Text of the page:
ISLAMABAD – About 2,000 members of the Tehreek-i-Labaik Ya Rasool Allah (TLYRA) began a sit-in in Islamabad on November 6. They are a little known hardline group led by a firebrand cleric named Khadim Hussain Rizvi who has been widely
ISLAMABAD – About 2,000 members of the Tehreek-i-Labaik Ya Rasool Allah (TLYRA) began a sit-in in Islamabad on November 6. They are a little known hardline group led by a firebrand cleric named Khadim Hussain Rizvi who has been widely mocked for heaping abusive language on his opponents.
Tehreek-e-Labaik is one of two new ultra-religious political movements that became prominent in recent months.
While Islamist parties are unlikely to win a majority they could play a major role in elections that must be held by summer next year.
Tehreek-e-Laibak was born out of a protest movement lionising Mumtaz Qadri, a bodyguard of the governor of Punjab province who gunned down his boss in 2011 over his call to reform strict blasphemy laws.
The party won a surprisingly strong 7.6% of the vote in a by-election in Peshawar last month.
According to their Facebook page, they seek shariah law in Pakistan and will run in more elections.
The protesters torched a car, three motorcycles and a guard post erected near the rally site.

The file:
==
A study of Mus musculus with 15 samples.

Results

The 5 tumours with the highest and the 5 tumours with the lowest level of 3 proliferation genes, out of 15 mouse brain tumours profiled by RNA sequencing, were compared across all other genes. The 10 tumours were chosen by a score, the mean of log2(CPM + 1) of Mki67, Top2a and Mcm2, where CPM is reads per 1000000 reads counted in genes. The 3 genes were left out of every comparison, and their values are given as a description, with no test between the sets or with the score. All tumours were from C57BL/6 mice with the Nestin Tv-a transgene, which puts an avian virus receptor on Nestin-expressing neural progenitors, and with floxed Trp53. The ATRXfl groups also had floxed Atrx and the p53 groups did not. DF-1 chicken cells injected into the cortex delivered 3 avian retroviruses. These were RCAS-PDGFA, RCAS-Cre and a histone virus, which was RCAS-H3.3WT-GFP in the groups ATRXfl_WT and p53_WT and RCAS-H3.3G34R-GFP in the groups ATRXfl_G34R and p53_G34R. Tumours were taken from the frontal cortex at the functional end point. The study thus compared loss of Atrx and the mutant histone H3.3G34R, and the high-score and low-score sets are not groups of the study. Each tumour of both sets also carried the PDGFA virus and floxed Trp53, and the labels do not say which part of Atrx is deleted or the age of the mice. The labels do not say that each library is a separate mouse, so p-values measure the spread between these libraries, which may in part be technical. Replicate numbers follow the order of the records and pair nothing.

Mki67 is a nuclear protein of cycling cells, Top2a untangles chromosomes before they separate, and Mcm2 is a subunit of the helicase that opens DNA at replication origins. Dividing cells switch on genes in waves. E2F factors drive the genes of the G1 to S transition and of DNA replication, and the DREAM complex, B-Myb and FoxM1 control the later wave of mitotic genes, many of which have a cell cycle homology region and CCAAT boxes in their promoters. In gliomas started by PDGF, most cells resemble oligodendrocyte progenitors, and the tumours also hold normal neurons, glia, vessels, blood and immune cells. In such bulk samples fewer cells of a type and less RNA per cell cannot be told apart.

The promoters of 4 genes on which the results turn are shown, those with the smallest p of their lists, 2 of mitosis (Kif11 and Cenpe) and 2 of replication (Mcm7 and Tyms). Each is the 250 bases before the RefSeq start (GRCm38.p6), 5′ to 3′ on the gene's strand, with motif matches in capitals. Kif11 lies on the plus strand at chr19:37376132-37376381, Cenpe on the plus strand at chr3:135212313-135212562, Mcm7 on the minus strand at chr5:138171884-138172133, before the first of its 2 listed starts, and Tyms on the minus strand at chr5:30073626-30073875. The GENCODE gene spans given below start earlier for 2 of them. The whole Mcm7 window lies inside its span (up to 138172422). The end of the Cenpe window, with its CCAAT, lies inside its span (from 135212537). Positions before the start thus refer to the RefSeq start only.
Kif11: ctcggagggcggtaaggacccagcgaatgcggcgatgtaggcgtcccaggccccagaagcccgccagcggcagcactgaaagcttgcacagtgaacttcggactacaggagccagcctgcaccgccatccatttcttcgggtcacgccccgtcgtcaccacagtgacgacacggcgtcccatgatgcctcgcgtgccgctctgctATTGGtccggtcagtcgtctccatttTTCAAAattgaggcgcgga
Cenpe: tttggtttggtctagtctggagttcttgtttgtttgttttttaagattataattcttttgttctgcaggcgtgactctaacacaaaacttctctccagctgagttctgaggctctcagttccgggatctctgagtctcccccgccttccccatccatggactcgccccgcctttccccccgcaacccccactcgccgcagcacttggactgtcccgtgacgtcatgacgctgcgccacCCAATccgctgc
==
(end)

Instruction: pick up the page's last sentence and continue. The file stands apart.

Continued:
About 3,000 demonstrators were seen gathered at the site on Sunday.
The security forces failed to disperse the protesters when riot police moved in with tear gas and batons on Saturday. Hospital officials said nearly 200 people were hurt, most of them police. They confirmed six people were shot and killed around the Faizabad crossing in clashes with police.
Late Saturday evening, Islamabad administration requested the help of the army to “control the law-and-order situation” in the capital.
The sit-in became increasingly frustrating for commuters trapped for hours daily by the road blockade. As the judiciary blasted officials for their inertia, conspiracy theories swirled over who was supporting the small number of protesters.
The demonstrations also spread to Pakistan’s two biggest cities, Karachi and Lahore, as well as smaller towns countrywide before security officials were ordered to suspend the operation and the government sought help from the army.